John Brunner – The Traveler in Black

The rotten fruits fell with a squelching sound, and, ants hurried from among the roots of the trees to investigate. The company hardly dared do more than nod.

“Therefore,” said Tyllwin, “I suggest we investigate the commotion which is shortly to take place at the main gate.”

He fell silent. A few dead leaves blew across the table. Most of them clustered before Tyllwin’s place, and he touched them with a bony hand, making them dissolve. The watchers trembled.

Still, the Margrave was relieved to find that nothing more outrageous was going to follow Tyllwin’s unexpected loquacity. He said, “Well, what is the opinion of you all?”

Ruman spoke up, with a glance towards Tyllwin that lasted only half a second after meeting Tyllwin’s eyes. He said, “I have not scried any such commotion.”

“But you have not scried since yesterday,” objected Gostala with feminine practicality.

“True, true. Then I am with Tyllwin.”

“Petrovic?” inquired the Margrave.

“I am aware,” that dried-up individual said in a doubtful tone, “that the people believe all our troubles would be at an end if we had a god, as other cities do. I hope that in this instance they are wrong; they usually are. Having heard from our neighbors at Acromel how severely they suffer from their deity-”

“This is far from the point,” interrupted Gostala, tapping the table with a thumb-bone which had once been the property of a man fortunate enough-or unfortunate enough-to be her lover. “I say we do not know. Let us therefore expect both nothing and everything.”

“Rational and well-spoken!” approved the Margrave. “Those in favor…?”

All present laid their right hands on the table, except Tuc, who had left his in the mouth of a dragon beyond an interesting sea of fire far to the north. Even Tyllwin moved with the rest, causing yet more leaves to wither and tremble on the tree that had suffered most since he broke from his impassivity.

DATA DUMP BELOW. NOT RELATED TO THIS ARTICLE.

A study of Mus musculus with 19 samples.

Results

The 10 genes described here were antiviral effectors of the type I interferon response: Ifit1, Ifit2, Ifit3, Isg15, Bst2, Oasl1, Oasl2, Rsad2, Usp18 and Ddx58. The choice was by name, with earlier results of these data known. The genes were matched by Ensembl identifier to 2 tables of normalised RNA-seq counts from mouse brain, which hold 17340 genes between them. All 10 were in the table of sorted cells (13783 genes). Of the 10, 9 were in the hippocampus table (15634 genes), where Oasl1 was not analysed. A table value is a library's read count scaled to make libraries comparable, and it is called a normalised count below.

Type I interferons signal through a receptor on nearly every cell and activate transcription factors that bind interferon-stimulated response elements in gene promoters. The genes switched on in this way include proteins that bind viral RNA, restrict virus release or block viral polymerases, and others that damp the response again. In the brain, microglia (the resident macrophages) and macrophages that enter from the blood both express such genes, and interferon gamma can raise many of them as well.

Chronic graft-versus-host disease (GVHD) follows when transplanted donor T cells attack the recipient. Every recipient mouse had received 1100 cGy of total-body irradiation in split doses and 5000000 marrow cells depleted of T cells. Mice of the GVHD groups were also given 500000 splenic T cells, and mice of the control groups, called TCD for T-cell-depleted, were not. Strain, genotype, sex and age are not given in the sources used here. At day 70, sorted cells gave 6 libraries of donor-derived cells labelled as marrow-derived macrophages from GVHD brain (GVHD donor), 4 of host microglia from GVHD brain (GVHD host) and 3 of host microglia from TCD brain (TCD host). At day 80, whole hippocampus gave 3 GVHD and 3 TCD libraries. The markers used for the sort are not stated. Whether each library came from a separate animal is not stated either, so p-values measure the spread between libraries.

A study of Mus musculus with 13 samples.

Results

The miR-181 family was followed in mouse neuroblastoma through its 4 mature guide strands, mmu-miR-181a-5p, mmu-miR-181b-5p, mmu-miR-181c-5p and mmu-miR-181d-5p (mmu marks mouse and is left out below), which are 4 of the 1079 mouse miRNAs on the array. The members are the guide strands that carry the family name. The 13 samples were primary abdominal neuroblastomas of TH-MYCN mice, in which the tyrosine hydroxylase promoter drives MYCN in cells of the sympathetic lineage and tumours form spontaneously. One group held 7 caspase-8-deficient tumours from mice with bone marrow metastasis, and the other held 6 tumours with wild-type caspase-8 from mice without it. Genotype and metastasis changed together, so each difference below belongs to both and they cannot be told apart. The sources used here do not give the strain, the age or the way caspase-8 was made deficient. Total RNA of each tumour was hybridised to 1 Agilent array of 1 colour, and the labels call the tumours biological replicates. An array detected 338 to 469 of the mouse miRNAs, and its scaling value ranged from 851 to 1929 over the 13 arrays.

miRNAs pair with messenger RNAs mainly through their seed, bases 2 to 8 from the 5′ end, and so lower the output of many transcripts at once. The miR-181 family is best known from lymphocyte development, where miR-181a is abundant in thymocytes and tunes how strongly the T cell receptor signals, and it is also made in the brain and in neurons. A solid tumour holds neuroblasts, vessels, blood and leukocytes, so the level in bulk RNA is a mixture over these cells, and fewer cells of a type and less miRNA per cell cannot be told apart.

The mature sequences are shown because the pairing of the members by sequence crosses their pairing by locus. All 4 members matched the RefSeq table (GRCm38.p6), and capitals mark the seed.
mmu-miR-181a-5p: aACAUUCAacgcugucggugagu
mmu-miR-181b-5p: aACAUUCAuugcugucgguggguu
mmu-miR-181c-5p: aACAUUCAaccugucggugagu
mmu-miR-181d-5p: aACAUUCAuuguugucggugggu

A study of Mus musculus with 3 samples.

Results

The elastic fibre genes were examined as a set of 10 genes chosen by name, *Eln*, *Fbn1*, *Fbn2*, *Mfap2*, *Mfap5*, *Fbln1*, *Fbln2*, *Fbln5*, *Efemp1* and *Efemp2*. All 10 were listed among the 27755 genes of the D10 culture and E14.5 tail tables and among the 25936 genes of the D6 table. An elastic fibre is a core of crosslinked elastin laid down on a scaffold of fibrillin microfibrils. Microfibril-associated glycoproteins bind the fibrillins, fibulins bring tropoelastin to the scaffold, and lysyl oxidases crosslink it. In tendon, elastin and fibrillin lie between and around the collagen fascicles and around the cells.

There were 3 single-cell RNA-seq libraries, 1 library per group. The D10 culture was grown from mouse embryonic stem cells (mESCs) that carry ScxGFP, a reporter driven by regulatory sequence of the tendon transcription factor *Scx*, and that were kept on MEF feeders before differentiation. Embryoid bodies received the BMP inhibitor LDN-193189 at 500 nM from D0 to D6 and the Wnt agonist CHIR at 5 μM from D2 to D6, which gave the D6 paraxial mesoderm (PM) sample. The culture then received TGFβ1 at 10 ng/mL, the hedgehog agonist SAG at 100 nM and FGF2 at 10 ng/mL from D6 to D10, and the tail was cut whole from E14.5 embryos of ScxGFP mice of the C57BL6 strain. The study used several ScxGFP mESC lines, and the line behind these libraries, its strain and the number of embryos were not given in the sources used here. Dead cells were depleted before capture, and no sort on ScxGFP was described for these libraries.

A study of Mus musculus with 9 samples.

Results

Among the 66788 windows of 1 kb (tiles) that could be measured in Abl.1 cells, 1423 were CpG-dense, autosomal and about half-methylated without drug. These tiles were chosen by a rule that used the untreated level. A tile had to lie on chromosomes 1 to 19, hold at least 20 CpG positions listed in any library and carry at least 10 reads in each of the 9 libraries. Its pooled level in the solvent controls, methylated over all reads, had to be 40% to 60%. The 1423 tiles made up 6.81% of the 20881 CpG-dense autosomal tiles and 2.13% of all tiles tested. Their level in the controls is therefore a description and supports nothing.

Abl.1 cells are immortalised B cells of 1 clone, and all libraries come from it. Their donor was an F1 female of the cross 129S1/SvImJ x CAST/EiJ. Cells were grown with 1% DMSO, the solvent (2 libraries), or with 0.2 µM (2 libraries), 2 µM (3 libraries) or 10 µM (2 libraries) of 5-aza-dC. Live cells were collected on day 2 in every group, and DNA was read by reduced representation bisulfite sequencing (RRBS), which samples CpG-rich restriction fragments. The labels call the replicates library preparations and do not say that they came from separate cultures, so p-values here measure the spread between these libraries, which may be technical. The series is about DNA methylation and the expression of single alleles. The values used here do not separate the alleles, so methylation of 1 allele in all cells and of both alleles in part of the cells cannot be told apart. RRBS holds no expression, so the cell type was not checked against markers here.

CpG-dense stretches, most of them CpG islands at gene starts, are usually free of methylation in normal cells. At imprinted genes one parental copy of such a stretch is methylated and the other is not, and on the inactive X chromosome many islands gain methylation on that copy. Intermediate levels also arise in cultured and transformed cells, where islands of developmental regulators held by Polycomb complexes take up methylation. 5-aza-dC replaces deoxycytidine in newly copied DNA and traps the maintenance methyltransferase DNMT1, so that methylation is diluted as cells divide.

“Agreed, then,” said the Margrave. “Let us go thither.”

The company rose with a bustle and began to adjourn to the main gate. The Margrave, however, remained behind a few moments, contemplating Tyllwin, who had not vacated his place.

When the others were at a distance he judged safe, he addressed the enchanter in a low voice.

“Tyllwin, what is your opinion of a god?”

Tyllwin laughed creakingly. “I have been asked that before,” he said. “And I will answer as I did then: I do not know what a god is, and I doubt that many men do, either.”

A branch on the tree overhanging him split with a warning cry, so that the Margrave flung up his hand automatically before his face. When he looked again, Tyllwin was gone.

The commotion at the gates, foreseen by Tyllwin and by no other of the council members, had already begun when the stately procession entered the avenue leading to them. Each enchanter had come after his or her own style: Petrovic walking with his staff called Nitra, from which voices could sometimes be heard when the moon was full; Gostala riding on a creature she had conjured out of the deep water which was its natural element, that cried aloud in heart-rending agony at every step; Ruman on the shoulders of a giant ape fettered with brass; Eadwil on his own young legs, although his feet shone red-hot when he had gone ten paces-this was to do with a geas about which no one ever inquired closely. The air about them crackled with the struggle between protective conjurations and the tense oppressive aura that enshrouded Ryovora.

In the wide street before the gateway a crowd had gathered, laughing, shouting, exclaiming with wonderment. In the midst of the throng, a man in outlandish attire, his face set in a frown of puzzlement, was vainly trying to contend with a hundred questions simultaneously.

The crowd parted to let the nobility by, and at once closed in again, like water around a slow-moving boat

The Margrave came up behind the rest, panting somewhat, for he was getting fat, and looked the stranger over curiously, while the people’s voices rose to almost a roar and then sank again into a muttering buzz. At last, having cast a beseeching glance at his companions and received no offers of assistance, he was compelled to address the newcomer.